The trepidation was evident in the third quarter when the venture capital flowing to startups totaled $7.1 billion, a 9 percent decline from the same time last year, according to data being released Saturday by Thomson Reuters, PricewaterhouseCoopers and the National Venture Capital Association.
It marked the first quarterly decline in year-over-year venture capital investments since the final three months of 2005. And it was the largest decrease since the spring of 2003, when the industry was still recovering from losses sustained in the dot-com bust.
Now, venture capitalists are girding for the most challenging period since an Internet bubble that they helped create finally burst in 2001.
"We have been through this before and, hopefully, we have learned some lessons," said Mark Heeson, president of the National Venture Capital Association.
Two of Silicon Valley's best-known venture capital firms, Sequoia Capital and Benchmark Capital, have already advised companies in their investment portfolios to redraw their business plans for next year and cut costs so they have a bigger cash cushion to weather what is expected to be the worst recession in a quarter century.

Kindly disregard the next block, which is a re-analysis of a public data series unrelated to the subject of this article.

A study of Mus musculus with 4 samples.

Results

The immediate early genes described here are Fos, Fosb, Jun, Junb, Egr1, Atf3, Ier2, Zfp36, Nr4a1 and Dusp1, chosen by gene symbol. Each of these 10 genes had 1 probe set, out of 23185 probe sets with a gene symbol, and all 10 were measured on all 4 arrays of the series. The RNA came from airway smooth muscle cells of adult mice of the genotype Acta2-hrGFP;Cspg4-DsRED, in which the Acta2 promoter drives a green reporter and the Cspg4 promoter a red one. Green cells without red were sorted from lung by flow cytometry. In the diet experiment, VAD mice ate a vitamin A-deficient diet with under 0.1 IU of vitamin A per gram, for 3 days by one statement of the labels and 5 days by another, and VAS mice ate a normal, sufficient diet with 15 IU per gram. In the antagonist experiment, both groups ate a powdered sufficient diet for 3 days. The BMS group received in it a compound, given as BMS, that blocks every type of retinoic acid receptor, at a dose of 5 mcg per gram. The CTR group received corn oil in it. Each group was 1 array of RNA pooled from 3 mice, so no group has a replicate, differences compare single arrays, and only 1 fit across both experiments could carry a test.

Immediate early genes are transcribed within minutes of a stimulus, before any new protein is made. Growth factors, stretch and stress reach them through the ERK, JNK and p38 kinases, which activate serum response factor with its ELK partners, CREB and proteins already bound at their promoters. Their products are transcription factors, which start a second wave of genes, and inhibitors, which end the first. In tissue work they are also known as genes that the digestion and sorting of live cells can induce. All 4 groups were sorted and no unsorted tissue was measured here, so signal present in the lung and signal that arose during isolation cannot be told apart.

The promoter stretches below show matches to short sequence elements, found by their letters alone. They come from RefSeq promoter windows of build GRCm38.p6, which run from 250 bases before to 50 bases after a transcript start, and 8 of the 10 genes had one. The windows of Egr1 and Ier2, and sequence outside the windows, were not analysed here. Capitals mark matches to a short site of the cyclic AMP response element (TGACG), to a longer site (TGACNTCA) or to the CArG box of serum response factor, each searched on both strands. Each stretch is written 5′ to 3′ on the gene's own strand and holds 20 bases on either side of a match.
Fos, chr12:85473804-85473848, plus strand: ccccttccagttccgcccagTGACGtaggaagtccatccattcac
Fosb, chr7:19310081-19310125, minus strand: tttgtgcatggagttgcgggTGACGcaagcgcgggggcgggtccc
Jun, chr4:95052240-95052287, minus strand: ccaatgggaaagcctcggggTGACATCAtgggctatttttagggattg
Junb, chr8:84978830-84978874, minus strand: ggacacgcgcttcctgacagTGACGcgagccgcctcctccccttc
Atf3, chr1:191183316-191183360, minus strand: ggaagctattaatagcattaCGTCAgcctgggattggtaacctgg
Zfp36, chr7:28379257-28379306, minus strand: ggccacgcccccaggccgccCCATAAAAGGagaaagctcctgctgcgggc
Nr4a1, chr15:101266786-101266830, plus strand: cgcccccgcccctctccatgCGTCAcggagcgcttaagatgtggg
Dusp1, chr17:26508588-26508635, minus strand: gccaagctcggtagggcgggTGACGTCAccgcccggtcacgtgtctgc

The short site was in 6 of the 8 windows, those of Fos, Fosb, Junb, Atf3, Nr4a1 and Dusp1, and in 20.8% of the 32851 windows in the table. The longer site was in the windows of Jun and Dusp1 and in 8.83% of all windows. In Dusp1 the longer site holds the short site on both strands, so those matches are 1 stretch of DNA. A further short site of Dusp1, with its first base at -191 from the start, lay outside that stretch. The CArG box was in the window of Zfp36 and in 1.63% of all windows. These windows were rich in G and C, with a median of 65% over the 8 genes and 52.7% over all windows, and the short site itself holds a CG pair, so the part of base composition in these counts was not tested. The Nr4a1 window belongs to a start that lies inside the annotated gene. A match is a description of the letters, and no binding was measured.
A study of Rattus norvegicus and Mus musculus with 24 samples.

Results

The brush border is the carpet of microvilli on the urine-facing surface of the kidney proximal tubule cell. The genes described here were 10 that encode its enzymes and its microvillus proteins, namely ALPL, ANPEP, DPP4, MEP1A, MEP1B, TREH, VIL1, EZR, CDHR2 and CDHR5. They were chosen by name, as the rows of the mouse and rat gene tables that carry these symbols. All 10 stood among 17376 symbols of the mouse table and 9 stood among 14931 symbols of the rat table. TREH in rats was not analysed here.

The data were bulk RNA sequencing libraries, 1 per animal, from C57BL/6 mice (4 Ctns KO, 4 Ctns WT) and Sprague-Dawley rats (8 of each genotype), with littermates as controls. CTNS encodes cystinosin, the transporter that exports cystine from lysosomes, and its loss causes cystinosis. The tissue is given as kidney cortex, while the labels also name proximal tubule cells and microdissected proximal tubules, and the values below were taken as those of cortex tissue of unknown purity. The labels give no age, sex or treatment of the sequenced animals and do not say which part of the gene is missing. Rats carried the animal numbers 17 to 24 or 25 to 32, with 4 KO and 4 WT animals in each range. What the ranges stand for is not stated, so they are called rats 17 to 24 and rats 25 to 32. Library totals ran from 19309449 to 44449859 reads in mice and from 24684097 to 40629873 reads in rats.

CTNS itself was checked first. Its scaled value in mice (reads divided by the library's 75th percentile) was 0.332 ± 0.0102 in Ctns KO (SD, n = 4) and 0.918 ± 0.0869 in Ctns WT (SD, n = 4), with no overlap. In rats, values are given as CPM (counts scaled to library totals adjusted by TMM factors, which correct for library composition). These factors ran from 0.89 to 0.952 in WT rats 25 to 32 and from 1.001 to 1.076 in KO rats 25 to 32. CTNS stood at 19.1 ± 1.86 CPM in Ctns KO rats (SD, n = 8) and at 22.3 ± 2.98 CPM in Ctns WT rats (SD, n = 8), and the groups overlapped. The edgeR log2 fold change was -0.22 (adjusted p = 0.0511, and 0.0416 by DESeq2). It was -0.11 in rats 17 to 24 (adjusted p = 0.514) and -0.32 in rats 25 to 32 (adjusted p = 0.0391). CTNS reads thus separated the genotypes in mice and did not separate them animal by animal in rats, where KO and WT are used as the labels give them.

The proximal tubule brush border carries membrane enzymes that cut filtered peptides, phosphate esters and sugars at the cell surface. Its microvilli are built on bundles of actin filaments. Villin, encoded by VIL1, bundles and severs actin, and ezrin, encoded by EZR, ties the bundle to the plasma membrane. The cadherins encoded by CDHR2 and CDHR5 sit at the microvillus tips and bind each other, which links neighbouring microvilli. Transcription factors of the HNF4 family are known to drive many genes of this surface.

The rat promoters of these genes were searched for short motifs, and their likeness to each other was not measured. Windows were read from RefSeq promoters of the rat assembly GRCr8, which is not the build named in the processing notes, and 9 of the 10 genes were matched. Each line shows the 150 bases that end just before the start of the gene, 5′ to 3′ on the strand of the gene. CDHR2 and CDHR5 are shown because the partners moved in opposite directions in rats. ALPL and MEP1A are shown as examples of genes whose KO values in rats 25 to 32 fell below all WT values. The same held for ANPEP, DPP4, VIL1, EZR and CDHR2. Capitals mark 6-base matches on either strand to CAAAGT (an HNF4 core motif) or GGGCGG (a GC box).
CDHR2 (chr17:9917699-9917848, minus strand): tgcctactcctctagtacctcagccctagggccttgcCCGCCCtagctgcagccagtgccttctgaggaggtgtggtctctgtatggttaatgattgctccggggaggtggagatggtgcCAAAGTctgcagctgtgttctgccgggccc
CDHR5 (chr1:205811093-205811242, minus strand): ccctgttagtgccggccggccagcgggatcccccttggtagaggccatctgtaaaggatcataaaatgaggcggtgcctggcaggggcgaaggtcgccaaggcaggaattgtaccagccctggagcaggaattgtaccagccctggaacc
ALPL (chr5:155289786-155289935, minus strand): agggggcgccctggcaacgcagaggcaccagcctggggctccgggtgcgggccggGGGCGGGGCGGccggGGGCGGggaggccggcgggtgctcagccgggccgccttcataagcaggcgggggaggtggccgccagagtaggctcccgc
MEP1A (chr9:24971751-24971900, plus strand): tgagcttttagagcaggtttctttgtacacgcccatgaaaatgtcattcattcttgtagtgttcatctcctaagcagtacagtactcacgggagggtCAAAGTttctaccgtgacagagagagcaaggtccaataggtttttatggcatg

In a slide presentation this month, Sequoia Capital - whose past successes include investments in Google Inc. and Yahoo Inc.
- advised startups to "get real or go home."
The comedown this time shouldn't be quite as jarring in this cycle, mainly because venture capitalists haven't been as loose with their money as they were during the dot-com boom. Venture capitalists invested $200 billion from 1999 through 2001. In the nearly seven years since then, venture capitalists have invested a total of $168 billion.
A purge already has started at some startups. Electric car maker Tesla Motors and online advertising service AdBrite both disclosed plans to trim their staffs during the past week. Other cutbacks seem likely for any still-unprofitable company that isn't meeting its budget projections because raising more money will be difficult.
"This is not the time to be missing revenue (projections), because you need the cash to live," said Faysal Sohail, managing director of CMEA Ventures in San Francisco.
The drop-off in venture capital investments during the third quarter would have been much more dramatic if not for the rising interest in biotechnology and alternative energy
- sectors that traditionally require a significant amount of cash before they become profitable.